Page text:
Ecovative – Renewable and compostable materials
Renewable and compostable materials are essential in the circular economy. Today most foams used in materials like packaging materials, floor mats, and countless other consumer goods are made with industrial foam that will eventually die in a landfill.
Ecovative Design uses mycelium, the root structure of mushrooms, to grow things like packaging foam, vegan meat, and composite materials. The foam can be used to make today's disposable products compostable. For example, beauty sponges, spa slippers and the toes spacers used at nail salons. It can also be made to last in the soles of shoes and as insulation in jackets.
Rothy's – Upcycling
Upcycling is essential in a circular economy. Most plastic bottles end up in the garbage. Instead, they can be turned into useful products like shoes. Rothy's uses recycled plastic water bottles to create their entire line of shoes.
Loop Store – Zero waste
Loop is a partnership with Kroger grocery store and major brand names like Crest, Hidden Valley Ranch, Airborne, Seventh Generation and other brands to deliver groceries in reusable containers that can be refilled and returned again and again. Groceries arrive in an insulated, reusable container via UPS. When you're done with your groceries, return the empty containers to Loop. The containers stay in use, and you get the brand names you already know and trust.
Loop is currently only available in a limited number of cities on the East Coast for US customers.
Shaw Floors – Cradle to Cradle
Cradle to Cradle is one of the foundational principles of the circular economy movement. The Cradle to Cradle Institute teaches and certifies companies that want to make products that design out waste and keep materials in use.
Shaw Floors makes flooring such as carpets, tile and stone, and laminate. Almost 90 percent of the products manufactured by Shaw Floors in 2017 were Cradle to Cradle Certified, according to Shaw Floors.
A few examples of how Shaw Floors flooring is designed from Cradle to Cradle:
- Shaw will reclaim and recycle the EcoWorx® Tile Carpets at the end of their useful life.
- EPIC® Hardwood flooring uses engineered wood and is made with EnviroCore™ recycled wood fibers.
Shaw Floors is a Berkshire Hathaway Company.
GameStop – Return to Refurbish
To keep materials in use, things like electronics and games will need to last longer. A great example of a company doing this is GameStop. They encourage customers to return products to be refurbished then sold again.
“In 2018 alone, through our U.S. refurbishment center, GameStop refurbished over 5 million pieces of software (CDs) and over 3 million consumer electronic devices, and recycled over 2.7 million pounds of e-waste that could not be refurbished by cleaning, repairing or reselling the refurbished products in our different retail channels,” according to GameStop.com.
Fat Llama – Sharing economy
The sharing economy is a principle based on sharing goods and services rather than owning them.
Sharing website Fat Llama allows you to rent the things you want and profit off the things you already own. Things like cameras, drones, and other equipment are popular.
TeeMill – Everything is food and return to renew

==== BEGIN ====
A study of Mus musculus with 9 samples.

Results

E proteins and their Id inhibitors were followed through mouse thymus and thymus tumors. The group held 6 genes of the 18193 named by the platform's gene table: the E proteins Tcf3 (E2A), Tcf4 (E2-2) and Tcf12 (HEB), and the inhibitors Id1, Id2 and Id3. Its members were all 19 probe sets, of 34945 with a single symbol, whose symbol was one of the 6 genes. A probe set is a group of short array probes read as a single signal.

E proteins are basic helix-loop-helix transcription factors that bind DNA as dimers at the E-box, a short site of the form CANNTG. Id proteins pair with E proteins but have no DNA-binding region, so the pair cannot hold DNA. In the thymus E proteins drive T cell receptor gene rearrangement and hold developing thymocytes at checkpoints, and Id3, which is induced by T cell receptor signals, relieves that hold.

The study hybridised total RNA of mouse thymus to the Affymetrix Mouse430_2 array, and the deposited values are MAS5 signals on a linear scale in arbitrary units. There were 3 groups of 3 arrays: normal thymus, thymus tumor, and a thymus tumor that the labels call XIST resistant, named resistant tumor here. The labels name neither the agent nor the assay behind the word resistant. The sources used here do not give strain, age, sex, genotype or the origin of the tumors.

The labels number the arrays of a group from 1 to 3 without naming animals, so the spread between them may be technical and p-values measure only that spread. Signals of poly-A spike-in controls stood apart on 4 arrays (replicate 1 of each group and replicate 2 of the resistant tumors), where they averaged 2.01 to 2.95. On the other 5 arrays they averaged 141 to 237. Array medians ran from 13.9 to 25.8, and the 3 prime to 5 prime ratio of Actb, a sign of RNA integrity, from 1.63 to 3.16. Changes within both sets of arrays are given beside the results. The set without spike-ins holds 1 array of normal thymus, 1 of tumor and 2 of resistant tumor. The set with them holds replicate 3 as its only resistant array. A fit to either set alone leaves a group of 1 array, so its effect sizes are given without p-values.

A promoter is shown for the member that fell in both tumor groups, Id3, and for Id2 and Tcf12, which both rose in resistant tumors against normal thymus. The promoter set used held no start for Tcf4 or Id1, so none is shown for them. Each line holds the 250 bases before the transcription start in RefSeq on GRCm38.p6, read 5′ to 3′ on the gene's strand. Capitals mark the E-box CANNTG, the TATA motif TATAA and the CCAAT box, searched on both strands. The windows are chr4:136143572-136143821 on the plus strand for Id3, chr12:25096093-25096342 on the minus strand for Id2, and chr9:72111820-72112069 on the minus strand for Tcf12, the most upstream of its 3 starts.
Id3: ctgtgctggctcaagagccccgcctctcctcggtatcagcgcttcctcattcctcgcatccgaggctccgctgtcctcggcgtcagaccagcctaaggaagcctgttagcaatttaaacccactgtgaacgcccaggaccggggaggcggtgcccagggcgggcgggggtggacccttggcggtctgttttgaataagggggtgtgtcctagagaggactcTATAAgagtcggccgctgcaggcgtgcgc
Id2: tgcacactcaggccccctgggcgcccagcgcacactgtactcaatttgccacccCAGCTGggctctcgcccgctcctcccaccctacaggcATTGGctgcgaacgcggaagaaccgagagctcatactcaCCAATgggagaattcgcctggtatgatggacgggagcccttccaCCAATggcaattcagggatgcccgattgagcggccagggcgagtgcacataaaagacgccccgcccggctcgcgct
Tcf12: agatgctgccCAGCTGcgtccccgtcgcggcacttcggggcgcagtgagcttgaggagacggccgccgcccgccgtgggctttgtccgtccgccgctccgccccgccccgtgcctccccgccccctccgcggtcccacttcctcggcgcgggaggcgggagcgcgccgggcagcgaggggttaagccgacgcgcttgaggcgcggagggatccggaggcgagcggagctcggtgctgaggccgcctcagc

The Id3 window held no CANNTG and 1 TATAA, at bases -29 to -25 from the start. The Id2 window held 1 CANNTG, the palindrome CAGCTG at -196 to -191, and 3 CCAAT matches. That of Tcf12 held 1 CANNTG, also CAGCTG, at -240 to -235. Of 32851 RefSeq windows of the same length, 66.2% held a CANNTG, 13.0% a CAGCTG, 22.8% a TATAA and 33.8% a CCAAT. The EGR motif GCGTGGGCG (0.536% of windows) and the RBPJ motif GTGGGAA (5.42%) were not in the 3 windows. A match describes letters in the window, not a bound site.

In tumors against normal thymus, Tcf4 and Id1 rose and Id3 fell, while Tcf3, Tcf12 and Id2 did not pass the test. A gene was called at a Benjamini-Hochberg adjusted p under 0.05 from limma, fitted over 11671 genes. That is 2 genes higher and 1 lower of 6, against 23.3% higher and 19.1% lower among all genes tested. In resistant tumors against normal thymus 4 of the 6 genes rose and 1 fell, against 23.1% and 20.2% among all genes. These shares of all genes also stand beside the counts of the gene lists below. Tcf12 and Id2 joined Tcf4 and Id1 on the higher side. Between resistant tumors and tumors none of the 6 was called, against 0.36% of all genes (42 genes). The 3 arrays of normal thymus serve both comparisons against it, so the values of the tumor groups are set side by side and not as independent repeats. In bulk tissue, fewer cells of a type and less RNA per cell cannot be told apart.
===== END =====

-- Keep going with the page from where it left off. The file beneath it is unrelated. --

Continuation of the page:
TeeMill makes organic t-shirts for drop shippers. Their entire manufacturing and distribution process is closed loop. First, the waste from the cotton seeds is squished and pressed to become vegetable oil and cow feed. The dying process is so clean, the wastewater comes out clean enough to drink.
Finally, when you are finished wearing your TeeMill shirts and sweaters, send them back to be remanufactured. The company will use the clothes you send back to make something new for someone else which closes the loop on your TeeMill shirt.
Most importantly, TeeMill t-shirts are high quality and look great on!
Bite toothpaste tablets – Return to refill
One billion empty toothpaste tubes are thrown away each year clogging landfills. Bite Toothpaste Bits, on the other hand, come in glass containers that are recyclable and refillable. Refills are mailed in compostable containers.
Bite Toothpaste Bits work like traditional toothpaste, but they come in bite-sized bits. Pop a bit in your mouth, wet your toothpaste, and brush as usual.
Buy a bottle or subscribe at BiteToothpasteBits.com
Keep materials in use
To get to a circular economy we need to keep all materials in use. Today, the textile industry produces a ton of waste and pollution. That's why Tonle uses pre-consumer textile waste from remnant markets in Cambodia. New clothes are made from the fabric and the yarn is made from leftover scraps used to sew the clothes.
Not only are the clothes better for the environment, but they also look great on. The below dress, bought on MadeTrade.com*, is my personal favorite.
Dash – Re-think packaging
The packaging for everyday products like cleaning sprays is highly wasteful. Most end up in landfills. Some are recycled. But why use enormous bottles full of up to 90% water when you can add water at home?
Dash cleaning pods come in tiny packages and you add water at home. Just add a pod to an empty spray bottle, fill with water and you’re ready to clean. These pods drastically reduce plastic waste as well as emissions.
A final circular economy example is, of course, solar energy. Clean and renewable energy will eventually need to power every factory in a circular economy.